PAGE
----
North Hills Community Outreach is raising crops, environmental awareness
When Taylor Thorp plants seeds in the Rosalinda Sauro Sirianni Garden, she’s also helping young minds bloom.
The 25-year-old AmeriCorps member works at the North Hills Community Outreach (NHCO) green space, located on Davis Avenue in Bellevue, where she’ll create learning opportunities for local kids and adults interested in organic gardening.
Thorp, a New Jersey native who moved to Pittsburgh three years ago, isn’t afraid to get her hands dirty in the name of education. This week, in addition to harvesting 30 pounds of crops, she fished five baby turkeys out of a nearby drain.
“All of high school and college, I worked on a friend’s farm during the summers. We did everything from working farmers markets, staking tomatoes, picking produce, prepping the fields and watering plants in their greenhouses,” says Thorp, who starts her first year of nursing school this fall at Duquesne University. “I joined AmeriCorps because I am passionate about giving back to my community and making sure my life has a positive impact wherever I go.”
During open volunteer hours, which are held from 10 a.m. to 2 p.m. every Monday and Thursday, April through October, Thorp plans to present lessons on everything from reducing your carbon footprint to healthy eating. She’ll also man NHCO’s stand at the Bellevue Farmers Market each Wednesday from 3 to 7 p.m., providing different activities for children to learn about gardening, the environment and nutrition each week.
The garden is more than an outdoor classroom, it’s a living food pantry.
Teresa Amelio, the daughter of the garden’s namesake, donated the property — which is less than an acre — to NHCO under the agreement that it would be used to stock the organization’s three food pantries — located in Millvale, Allison Park and Bellevue — with more than 100 varieties of plants, mainly annual vegetables and fruits.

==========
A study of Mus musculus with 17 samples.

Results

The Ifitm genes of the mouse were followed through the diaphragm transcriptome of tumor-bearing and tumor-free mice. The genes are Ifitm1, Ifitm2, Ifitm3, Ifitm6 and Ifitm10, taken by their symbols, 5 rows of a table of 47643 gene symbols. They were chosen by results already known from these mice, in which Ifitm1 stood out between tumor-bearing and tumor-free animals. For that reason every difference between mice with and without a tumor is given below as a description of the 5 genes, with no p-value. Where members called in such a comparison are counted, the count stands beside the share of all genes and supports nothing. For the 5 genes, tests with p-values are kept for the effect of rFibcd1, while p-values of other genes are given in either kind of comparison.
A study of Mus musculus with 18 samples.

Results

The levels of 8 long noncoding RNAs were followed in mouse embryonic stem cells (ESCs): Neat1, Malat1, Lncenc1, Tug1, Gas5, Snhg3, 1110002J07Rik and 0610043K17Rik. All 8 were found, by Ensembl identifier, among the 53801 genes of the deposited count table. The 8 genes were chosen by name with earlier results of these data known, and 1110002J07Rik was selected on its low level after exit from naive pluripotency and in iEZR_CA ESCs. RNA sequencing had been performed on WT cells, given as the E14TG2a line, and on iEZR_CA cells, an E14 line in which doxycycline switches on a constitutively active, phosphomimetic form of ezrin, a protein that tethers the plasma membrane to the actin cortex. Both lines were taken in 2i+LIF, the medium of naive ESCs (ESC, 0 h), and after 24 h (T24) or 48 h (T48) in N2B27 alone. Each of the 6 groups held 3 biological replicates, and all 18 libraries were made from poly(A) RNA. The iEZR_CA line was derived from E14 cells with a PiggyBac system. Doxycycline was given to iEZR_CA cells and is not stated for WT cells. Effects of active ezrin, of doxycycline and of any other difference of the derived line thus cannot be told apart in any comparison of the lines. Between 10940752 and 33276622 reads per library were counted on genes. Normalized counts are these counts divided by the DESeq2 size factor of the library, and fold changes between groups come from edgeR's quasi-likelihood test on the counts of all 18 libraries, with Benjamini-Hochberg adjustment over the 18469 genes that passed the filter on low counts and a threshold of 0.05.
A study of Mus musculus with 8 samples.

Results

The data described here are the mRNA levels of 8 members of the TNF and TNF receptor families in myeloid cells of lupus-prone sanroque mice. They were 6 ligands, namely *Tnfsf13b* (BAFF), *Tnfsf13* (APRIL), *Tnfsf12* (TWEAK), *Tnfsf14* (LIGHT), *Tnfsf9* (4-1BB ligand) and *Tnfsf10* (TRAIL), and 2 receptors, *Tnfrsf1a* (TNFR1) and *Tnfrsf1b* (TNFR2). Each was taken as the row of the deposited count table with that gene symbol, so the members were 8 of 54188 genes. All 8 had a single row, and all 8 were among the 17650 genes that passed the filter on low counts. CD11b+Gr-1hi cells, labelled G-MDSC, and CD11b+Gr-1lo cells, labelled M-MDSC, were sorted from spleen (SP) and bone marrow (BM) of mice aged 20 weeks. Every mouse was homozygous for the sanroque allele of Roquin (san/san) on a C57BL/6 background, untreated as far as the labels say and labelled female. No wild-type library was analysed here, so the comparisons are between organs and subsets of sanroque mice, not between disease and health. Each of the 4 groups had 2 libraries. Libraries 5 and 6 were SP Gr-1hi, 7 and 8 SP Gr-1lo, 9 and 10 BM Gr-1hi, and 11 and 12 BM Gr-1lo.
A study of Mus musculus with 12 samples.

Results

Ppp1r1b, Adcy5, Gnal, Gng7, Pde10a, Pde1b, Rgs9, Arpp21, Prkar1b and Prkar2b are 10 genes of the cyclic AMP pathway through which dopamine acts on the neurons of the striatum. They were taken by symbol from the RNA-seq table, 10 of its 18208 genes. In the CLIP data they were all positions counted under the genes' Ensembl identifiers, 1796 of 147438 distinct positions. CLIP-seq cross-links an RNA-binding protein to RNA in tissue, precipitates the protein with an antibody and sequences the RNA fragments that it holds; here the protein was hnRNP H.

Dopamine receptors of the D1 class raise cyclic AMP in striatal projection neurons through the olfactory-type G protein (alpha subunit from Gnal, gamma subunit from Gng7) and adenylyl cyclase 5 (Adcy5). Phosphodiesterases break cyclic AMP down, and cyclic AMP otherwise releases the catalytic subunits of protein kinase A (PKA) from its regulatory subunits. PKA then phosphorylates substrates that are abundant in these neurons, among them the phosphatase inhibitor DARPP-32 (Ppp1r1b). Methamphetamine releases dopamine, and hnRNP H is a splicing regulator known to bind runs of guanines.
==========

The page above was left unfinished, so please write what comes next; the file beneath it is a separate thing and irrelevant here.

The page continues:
The garden’s first growing season was 2011. Last fiscal year, 222 garden volunteers gave 1,397 hours to plant, tend and harvest 4,499 pounds of produce. Local scouts have erected fencing, built storage sheds, tended composting bins and created a rainwater management system for the garden. In addition to giving their time and expertise, local gardeners can donate surplus crops to NHCO. Gardening supplies, especially straw bales, also are needed.
Alyssa Crawford, NHCO’s garden and youth coordinator, says volunteers are enthusiastic, showing up during snow storms and scorching heat to help out.
“I think any time you’re in a garden, it’s a learning experience,” she explains. “By way of volunteering, you learn some stuff. This year we’re making an effort to do more formalized education. Taylor has already built a good rapport with the kids.”
For more information on volunteering at the garden, contact Alyssa Crawford at 412-307-0069, ext. 3311, or at [email protected]. No reservation is required unless you are a group of five or more. Church groups, sports teams, scouting troops, schools and corporate outings are welcome.
Kristy Locklin is a Tribune-Review contributor.